In 2005 MOLA began excavation at Basinghall Street for Stanhope. Our investigation uncovered a substantial collection of Roman glass vessels and glass waste. Thought to be from a nearby glass workshop on the outer limits of the Roman city, our specialist studied the noteworthy assemblage from 2005-2014.
Research carried out on this exceptional collection of Roman glass has afforded greater understanding of the Roman glass industry in London and throughout the Empire.
The diversity of the material enabled us to research the processes and techniques involved in the blowing of the glass vessels; from the preparation of the raw material to the finishing of the objects. Scientific tests identified the origins of the glass, which provided the evidence needed to isolate batches of glass. These tests also established a sequence for the various stages of heating the glass in the furnace; allowing us to understand why certain vessels were rejected. A detailed understanding of how glass waste material was collected and reused emerged. All of these strands together revealed the nature of the glass production industry in London and the Roman Empire more widely.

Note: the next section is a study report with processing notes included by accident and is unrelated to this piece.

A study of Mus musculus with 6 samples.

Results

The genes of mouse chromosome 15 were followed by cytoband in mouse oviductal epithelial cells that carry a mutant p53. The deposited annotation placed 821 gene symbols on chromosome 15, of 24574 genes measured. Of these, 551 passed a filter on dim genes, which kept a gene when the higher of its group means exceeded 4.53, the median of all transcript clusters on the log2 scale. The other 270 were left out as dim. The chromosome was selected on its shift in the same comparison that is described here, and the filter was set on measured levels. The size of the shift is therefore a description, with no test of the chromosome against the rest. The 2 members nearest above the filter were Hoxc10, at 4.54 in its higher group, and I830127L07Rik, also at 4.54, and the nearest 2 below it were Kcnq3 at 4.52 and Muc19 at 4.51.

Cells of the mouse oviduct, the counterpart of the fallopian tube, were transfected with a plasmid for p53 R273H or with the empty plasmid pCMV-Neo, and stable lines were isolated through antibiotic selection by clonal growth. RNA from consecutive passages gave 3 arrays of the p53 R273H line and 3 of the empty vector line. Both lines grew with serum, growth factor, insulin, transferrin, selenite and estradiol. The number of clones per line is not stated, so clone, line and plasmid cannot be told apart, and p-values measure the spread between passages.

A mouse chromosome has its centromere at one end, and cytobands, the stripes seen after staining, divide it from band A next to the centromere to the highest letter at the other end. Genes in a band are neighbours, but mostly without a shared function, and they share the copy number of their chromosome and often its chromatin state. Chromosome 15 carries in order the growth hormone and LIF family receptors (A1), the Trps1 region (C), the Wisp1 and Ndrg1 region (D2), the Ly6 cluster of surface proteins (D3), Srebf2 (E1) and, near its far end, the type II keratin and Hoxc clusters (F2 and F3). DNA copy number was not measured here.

Our findings were published in a popular book The glass workers of Roman London, and an academic monograph Glass working on the margins of Roman London, Excavations at 35 Basinghall Street, City of London, 2005. This analysis and data is a valuable tool for ongoing research in this field and has highlighted areas of interest for future research.